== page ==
While we want to be carefree and frolic in the sun and water (especially after such a long winter), we still need to be mindful of water safety.
Some Preventative Measures: Your Part
The following guidelines come from Lifesaving Society’s 2011 Waterfront Safety Guidelines. It is the most recent, best-practices document for waterfront safety guidelines. It “assists waterfront owners and operators in providing a safe aquatic environment for their patrons” (2011 Waterfront Safety Guidelines).
Minimum Guidelines for Waterfronts: Every owner and operator has a responsibility to keep their beach and designated swimming area in a safe condition. What does this look like?
MOST DESIRABLE: Lifeguard supervision is desirable, because less than 1% of drownings occur in a lifeguard supervised setting (Ontario Drowning Report 2018 Edition, Lifesaving Society).
“Supervised waterfront” means “an area designated for swimming where safety supervision is provided by lifeguards”. In contrast, an “unsupervised waterfront” is “an area that is suitable and used for swimming where no safety supervision is provided” (2011 Waterfront Safety Guidelines).
We realize having a supervised waterfront might not always be practicable or affordable. If this is the case, where no lifeguard supervision is provided, the guidelines recommend that the owner/operator ensure that the waterfront is operated according to the following:
Signs are posted at entrance/exits or at reasonable intervals near the swimming area indicating:
- “Swimming area is not supervised; children require direct supervision by parents or adults”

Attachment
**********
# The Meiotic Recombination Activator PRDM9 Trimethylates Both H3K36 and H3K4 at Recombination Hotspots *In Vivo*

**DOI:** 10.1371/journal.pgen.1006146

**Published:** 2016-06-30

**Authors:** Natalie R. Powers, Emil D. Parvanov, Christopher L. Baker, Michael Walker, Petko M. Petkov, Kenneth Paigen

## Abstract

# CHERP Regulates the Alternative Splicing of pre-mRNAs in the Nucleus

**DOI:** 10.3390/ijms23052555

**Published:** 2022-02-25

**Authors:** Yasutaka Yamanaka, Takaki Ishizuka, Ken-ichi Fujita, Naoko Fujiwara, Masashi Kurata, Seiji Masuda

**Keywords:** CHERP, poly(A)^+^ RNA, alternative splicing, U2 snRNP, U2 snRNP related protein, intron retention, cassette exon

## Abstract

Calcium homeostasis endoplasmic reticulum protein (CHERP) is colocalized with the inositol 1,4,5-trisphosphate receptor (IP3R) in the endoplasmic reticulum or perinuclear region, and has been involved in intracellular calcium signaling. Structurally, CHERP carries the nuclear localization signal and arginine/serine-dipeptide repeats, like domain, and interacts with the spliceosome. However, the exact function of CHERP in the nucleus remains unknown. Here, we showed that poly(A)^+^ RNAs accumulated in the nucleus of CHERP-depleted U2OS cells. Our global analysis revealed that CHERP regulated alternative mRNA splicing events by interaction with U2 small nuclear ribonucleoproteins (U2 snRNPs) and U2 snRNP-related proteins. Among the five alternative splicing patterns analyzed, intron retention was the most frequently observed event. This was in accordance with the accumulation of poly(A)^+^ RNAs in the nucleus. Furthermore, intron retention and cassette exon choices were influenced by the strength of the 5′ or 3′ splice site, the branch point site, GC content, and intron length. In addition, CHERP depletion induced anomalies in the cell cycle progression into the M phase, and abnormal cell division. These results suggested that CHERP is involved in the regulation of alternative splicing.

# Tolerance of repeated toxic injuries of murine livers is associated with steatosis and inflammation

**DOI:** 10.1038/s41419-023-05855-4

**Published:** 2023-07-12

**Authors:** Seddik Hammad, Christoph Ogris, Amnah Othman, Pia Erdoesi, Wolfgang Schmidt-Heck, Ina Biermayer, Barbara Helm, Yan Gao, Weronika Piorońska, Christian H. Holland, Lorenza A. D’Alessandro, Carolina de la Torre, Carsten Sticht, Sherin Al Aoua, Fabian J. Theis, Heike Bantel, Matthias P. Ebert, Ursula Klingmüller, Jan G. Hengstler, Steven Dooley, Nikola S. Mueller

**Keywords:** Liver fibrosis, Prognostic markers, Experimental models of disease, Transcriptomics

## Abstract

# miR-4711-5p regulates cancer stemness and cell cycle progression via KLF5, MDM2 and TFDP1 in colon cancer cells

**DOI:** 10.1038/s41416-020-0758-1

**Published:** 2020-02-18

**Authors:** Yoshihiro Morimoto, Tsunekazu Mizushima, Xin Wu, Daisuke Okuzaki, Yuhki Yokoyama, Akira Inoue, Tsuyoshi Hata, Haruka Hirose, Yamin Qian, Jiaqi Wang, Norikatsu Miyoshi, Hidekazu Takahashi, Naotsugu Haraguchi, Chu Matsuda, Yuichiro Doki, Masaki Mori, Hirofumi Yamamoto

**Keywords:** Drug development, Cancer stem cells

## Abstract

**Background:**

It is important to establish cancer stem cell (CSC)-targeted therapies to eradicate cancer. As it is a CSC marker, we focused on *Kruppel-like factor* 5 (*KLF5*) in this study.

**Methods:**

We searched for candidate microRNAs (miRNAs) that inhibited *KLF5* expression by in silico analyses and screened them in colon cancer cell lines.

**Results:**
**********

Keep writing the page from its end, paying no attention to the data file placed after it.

- “Don’t swim alone”
- “Waterfront conditions (depth, bottom, etc.) may change”
In addition to the above, your signage should also indicate:
- Location of telephone or other communication device(s) for emergency use, and the location of the closest first-aid station
- Diving can result in serious injury or death; patrons are cautioned against diving and to perform only foot-first entries
- Waterfront hours of operation where applicable (e.g., no swimming dusk till dawn)
- Any beach safety rules, such as: “No dogs unless service dogs”; “No fires”; “No glass”; etc.
- Name of facility and operated by:______
- Report any site deficiencies to:______
- In areas where swimming is dangerous but the shoreline is easily accessible, signs should be posted stipulating: “No Swimming”
In areas where guests or the public are invited to swim but the waterfront is not supervised, or when lifeguards have gone off duty; the owner or operator should provide rescue equipment in conveniently-located places for emergency use. Rescue equipment includes: a Reaching Pole at least 3m in length; and a Buoyant-Throwing Aid attached to a 6mm line at least 8m long.
Visit our Resource Centre to download Sample Waterfront Warning Signage.
Have further questions? Contact your Gougeon Risk Expert.
Should you wish to purchase a copy of the 2011 Waterfront Safety Guidelines, please visit Lifesaving Society’s website: here.